Dance as Life Lessons: Team Work


These days we are so used to hearing about the importance of coming together as a community in whatever sense we can. Bringing people together has become a focus, and it is important for so many reasons. Very often the way in which we hear about people, especially children, coming together is through a team. Dance and Performance Teams can be so critical in teaching children about what it truly means to be a team. As dance educators we have an opportunity to give our students a deeper understanding of how to come together and truly support each other. 

There are multiple parts to treating each other as true teammates. One that I feel is critical to bringing together a team is respect. Respect that extends not only to your teachers, but to your fellow dancers and to yourself. We teach respect for each other and our teachers through requiring that all missed classes are made up within two weeks (outside of injury, illness, etc.). Performance Team dancers are often also part of our Teacher Training Program and looked up to by the younger dancers in the studio. The way our Performance Team members conduct themselves in the lobby, in their classes, in their attendance is a reflection of their dedication to dance, and to their team. 

I also stress the need for teammates to support each other. Although they may compete with each other at points for parts, after all is said and done they are teammates, and it should always come back to that. We ask that for competitions our dancers remain in the audience to cheer on their teammates that are performing solos, duos, or trios, and that they stay to see the younger/older team dances. We also have them run through their dances for each other at certain rehearsals not only so they are familiar with everyone’s dances, but so that they can see the progression, development, and everything that their fellow dancers are bringing to the team.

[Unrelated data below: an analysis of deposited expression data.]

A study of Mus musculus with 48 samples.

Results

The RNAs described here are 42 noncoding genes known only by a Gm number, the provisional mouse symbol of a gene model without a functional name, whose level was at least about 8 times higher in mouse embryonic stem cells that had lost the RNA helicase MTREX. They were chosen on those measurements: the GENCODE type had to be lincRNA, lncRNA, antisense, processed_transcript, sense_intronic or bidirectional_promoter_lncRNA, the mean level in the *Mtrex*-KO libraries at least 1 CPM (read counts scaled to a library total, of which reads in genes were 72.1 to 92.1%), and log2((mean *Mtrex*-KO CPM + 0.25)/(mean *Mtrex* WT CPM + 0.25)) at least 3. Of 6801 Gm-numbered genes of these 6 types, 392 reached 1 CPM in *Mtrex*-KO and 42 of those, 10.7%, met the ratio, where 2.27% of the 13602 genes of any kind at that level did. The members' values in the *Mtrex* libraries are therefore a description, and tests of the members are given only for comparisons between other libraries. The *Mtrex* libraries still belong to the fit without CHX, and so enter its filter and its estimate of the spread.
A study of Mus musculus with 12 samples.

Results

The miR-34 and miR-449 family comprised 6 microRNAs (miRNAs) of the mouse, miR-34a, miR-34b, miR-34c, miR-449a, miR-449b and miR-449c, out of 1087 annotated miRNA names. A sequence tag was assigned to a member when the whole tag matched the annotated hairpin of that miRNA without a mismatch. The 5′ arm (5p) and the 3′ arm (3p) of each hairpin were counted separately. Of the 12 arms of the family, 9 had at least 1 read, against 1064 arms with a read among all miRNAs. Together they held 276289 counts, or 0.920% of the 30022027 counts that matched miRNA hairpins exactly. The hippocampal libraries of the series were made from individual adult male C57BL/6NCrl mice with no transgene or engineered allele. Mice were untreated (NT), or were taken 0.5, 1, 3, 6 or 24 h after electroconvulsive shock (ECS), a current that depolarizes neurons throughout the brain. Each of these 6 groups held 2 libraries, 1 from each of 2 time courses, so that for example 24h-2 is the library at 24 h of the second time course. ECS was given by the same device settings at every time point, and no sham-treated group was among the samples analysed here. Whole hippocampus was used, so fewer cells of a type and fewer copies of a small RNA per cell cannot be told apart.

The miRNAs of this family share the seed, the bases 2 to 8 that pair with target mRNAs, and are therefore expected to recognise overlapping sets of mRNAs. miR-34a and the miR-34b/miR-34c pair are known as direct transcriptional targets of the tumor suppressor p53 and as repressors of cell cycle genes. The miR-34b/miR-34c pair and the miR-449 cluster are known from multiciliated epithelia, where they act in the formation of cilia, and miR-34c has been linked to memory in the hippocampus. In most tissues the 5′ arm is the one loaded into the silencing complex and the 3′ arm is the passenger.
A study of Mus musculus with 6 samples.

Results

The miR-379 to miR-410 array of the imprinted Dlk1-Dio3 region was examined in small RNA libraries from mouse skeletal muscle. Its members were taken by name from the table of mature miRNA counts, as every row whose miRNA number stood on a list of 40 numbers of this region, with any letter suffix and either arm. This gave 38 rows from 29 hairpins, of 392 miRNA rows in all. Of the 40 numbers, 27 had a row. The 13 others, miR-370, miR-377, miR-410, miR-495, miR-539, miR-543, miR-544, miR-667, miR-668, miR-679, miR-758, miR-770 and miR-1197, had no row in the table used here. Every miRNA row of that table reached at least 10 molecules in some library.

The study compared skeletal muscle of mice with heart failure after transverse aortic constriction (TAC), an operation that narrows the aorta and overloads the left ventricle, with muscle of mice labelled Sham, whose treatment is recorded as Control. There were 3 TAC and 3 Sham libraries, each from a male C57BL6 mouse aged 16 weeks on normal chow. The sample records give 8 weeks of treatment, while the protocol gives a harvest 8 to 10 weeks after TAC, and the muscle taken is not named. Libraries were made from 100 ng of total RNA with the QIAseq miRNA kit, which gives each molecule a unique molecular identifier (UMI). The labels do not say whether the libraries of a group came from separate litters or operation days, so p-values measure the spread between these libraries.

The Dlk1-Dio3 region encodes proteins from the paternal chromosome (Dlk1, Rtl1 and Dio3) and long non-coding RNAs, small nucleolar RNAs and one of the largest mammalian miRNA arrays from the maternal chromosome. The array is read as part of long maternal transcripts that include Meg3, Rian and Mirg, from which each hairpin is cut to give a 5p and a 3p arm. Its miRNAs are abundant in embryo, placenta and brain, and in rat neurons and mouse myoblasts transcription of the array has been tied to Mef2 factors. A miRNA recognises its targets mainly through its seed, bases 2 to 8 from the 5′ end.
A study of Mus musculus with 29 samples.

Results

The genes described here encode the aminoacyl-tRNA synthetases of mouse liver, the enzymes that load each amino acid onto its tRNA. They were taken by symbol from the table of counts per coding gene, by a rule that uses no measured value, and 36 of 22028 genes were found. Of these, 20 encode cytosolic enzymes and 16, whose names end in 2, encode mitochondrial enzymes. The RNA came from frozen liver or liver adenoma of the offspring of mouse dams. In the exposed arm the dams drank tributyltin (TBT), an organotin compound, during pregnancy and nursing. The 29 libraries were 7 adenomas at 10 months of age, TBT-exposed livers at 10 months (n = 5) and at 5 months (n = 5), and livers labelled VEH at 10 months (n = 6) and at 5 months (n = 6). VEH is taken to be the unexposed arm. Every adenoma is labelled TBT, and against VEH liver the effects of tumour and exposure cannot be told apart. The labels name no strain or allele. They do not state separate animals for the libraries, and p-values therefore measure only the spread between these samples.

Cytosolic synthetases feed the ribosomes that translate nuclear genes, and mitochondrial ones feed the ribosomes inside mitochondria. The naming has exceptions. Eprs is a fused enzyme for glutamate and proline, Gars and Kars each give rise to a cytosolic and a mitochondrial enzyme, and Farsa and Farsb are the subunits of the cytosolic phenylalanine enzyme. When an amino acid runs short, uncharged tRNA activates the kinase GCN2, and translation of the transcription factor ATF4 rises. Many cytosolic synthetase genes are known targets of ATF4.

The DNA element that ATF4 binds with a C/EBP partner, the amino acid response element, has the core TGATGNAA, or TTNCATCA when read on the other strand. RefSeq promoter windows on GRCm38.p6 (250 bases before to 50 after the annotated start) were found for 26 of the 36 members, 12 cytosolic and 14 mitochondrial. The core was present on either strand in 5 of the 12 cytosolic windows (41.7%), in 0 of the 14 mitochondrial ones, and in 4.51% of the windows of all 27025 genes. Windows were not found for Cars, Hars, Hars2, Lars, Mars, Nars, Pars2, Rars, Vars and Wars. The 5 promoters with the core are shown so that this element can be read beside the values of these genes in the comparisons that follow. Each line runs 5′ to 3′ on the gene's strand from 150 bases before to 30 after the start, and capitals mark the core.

Teams need to come together through pride as well. I’m sure every one of us has come across a situation where dancers from outside your studio have had a myriad of opinions on how good, talented, etc. your team and dancers are in comparison to them. We as educators need to help build up our students to make sure that they understand that the only opinion that matters is the one they have of themselves, that the only dancer they are competing with is the dancer they were yesterday. Social Media makes it harder to instill confidence and pride in our students. Helping them to learn how to support, encourage, and really cheer for each other, and to do some humble bragging about themselves and their team will bring them together and can be something that fosters better mental health and support systems for them in the future.

Finally, we build team bonding time into every practice and rehearsal. We play games, answer silly icebreaker questions, and generally get to know each other and spend quality time together. By the time we are all in the team hotel decorating our doors and getting ready to take the stage, the hope is that we are there for each other in every way we can be, and that is one of the most powerful gifts that our love of dance can give us. 

Mary Naftal

Mary Naftal is the owner and artistic Director of Dance Connection in Islip, New York. With over 40 years of teaching experience, Mary holds a degree in Early Childhood Education from Long Island University. Her work as an arts educator has been recognized with an inclusion in "Who's Who Among America's Teachers" and being named a "Teacher in the Spotlight" in Dance Studio Life Magazine. She is a long-standing member of Dance Educators of America, and a member of the National Dance Education Organization and the New York State Dance Educators Association.